Divorce Attorney Rockford IL
When You Need A Divorce or Family Law Attorney,
we can help you through a myriad of legal issues involving your family relationships, including:
• Legal Separation
• Child Support
• Spousal Maintenance
• Allocation of Parental Responsibilities
• Guardianships through Probate
“Family law and divorce law involve the most sensitive areas of your life, and periods of family transition can be extremely stressful and emotional. Our reliable and caring attorneys have years of experience guiding our clients through these tough times. Our lawyers will help you identify your key objectives and then develop a legal strategy that will assist you in achieving those goals. We have experience resolving conflicts through both negotiated settlements and through litigation.”
For a Free Consultation – Contact A Rockford Divorce Attorney
Frequently Asked Questions
What is a No-Fault Divorce?
In Illinois, the only grounds for divorce is irreconcilable differences, and thus, every divorce is a “no-fault” divorce. This is a departure from prior law, which allowed a spouse to allege that the other had committed wrongs like abandonment or extreme and repeated mental cruelty.
What is an Uncontested Divorce?
An uncontested divorce is when both parties negotiate and come to an agreement on all of the issues surrounding the divorce prior to filing. An uncontested divorce can be completed with a single court appearance and is inexpensive.
What is the Difference Between Legal Separation and Divorce?
Like a divorce, a legal separation is a formal court proceeding that can resolve issues such as spousal maintenance, child support and allocation of parenting time and responsibility while the parties live separate and apart. However, unlike a divorce, a legal separation does not permanently end the marriage and allows for the possibility of reconciliation. If reconciliation does not occur, the ultimate divorce may be less contentious and costly after legal separation because many of the issues surrounding the divorce have already been resolved in the previous court proceeding.
What is Marital Property?
As a general rule, any assets acquired by either spouse during the marriage are considered marital property during a dissolution proceeding and are subject to division by the court. Exceptions include assets received by gift or inheritance by a spouse during the marriage. Such gifts and inheritances are considered that party’s non-marital property and are not subject to division by the court during a divorce.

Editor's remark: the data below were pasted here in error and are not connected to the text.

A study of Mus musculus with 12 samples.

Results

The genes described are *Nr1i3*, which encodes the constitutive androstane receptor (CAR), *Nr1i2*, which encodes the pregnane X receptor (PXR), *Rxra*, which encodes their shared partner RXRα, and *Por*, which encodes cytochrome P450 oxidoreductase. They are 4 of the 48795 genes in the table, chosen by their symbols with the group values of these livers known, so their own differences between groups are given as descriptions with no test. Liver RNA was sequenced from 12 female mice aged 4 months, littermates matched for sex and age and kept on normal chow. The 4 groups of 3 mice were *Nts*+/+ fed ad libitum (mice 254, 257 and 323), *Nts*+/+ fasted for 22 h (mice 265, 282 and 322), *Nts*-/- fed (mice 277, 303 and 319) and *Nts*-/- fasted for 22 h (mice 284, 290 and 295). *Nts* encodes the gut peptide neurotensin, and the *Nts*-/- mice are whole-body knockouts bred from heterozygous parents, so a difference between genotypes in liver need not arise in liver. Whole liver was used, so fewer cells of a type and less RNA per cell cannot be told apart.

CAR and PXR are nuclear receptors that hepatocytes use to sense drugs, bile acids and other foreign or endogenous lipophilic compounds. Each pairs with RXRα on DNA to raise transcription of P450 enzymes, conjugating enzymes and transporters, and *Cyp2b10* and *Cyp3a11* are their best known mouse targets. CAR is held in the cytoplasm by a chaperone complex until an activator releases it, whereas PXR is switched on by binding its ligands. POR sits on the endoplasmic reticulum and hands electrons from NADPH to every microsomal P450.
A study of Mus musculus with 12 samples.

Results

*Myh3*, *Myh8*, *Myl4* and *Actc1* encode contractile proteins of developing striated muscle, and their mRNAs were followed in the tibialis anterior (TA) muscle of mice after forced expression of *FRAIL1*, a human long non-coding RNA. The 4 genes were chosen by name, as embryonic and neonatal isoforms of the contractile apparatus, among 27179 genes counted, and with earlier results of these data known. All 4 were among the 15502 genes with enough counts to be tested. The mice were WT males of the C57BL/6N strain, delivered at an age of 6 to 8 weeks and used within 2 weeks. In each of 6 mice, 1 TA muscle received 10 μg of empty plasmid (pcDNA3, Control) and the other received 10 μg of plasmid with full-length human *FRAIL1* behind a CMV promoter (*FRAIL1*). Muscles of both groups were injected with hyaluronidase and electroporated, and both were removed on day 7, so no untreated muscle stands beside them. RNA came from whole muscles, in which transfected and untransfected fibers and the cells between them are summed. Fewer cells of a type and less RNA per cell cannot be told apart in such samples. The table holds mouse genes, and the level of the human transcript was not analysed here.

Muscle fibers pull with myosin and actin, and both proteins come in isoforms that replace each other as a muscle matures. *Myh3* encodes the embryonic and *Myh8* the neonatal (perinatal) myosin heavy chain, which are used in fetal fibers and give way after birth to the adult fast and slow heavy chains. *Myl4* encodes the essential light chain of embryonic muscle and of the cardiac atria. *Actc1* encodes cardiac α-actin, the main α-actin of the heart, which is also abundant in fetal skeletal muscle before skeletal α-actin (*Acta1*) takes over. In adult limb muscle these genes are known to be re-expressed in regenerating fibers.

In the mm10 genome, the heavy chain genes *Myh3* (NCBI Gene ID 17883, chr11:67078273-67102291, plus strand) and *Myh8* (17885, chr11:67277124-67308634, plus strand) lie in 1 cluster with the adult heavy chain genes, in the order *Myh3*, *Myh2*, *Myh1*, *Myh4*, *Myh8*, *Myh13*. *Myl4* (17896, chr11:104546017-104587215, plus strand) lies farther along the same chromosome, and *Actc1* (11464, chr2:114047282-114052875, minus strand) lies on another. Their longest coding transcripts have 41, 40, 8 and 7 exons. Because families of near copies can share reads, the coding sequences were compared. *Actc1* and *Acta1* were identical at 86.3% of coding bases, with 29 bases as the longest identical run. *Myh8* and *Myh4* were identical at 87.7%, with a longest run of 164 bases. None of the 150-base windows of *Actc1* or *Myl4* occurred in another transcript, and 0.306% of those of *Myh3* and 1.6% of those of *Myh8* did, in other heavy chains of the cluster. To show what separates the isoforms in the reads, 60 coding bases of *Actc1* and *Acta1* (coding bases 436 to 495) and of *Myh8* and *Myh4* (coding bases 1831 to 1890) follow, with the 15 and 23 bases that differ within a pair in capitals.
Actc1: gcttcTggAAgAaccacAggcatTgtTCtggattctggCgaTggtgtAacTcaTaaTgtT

What is a Marital Settlement Agreement?
A Marital Settlement Agreement (“MSA”) is an agreement between parties to a divorce that resolves non-parenting issues surrounding the divorce such as division of assets and liabilities, spousal maintenance, and child support. If the parties are able to resolve all of these issues through an MSA, a trial will not be necessary.
If the Court Awards Maintenance (formerly known as alimony), How Much Will I Receive?
The Illinois Marriage and Dissolution of Marriage Act provides a formula for calculating the amount and duration of maintenance if it is awarded. The amount is calculated by taking 33 ⅓% of the paying spouse’s net income and subtracting from it 25% of the receiving spouse’s net income. However, if that amount, when added to the receiving spouse’s net income would result in the receiving spouse having more than 40% of the parties’ combined net income, the maintenance amount will be reduced.
Here’s an example. Spouse A has a net income of $40,000.00 and Spouse B has a net income of $100,000.00. Spouse B would be the paying spouse and Spouse A would be the receiving spouse. 33 ⅓% of Spouse B’s net income is $33,333.33. 25% of Spouse A’s net income is $10,000. The maintenance amount would be $23,333.33 (being $33,333.33 minus $10,000.00). However, their combined net income is $140,000.00, and 40% of that is $56,000.00. Paying the full $23,333.33 in maintenance to Spouse A would mean he or she would end up with $63,333.33, which is over the 40% maximum. Spouse A’s maintenance would be reduced down so he or she doesn’t receive over 40% of the combined net income. The maximum Spouse A can have is $56,000.00, and because he or she earns $40,000.00, the maintenance would be reduced down to $16,000.00.
Courts determine how long spousal maintenance payments will continue using a table that multiplies the duration of the marriage by a factor that increases as the duration of the marriage increases. This sounds complicated, but the bottom line is that the longer you have been married, the closer the duration of your maintenance payments will get to equalling the duration of your marriage. If you have been married 20 years or more, the duration of spousal maintenance will either be equal to the duration of the marriage or continue indefinitely.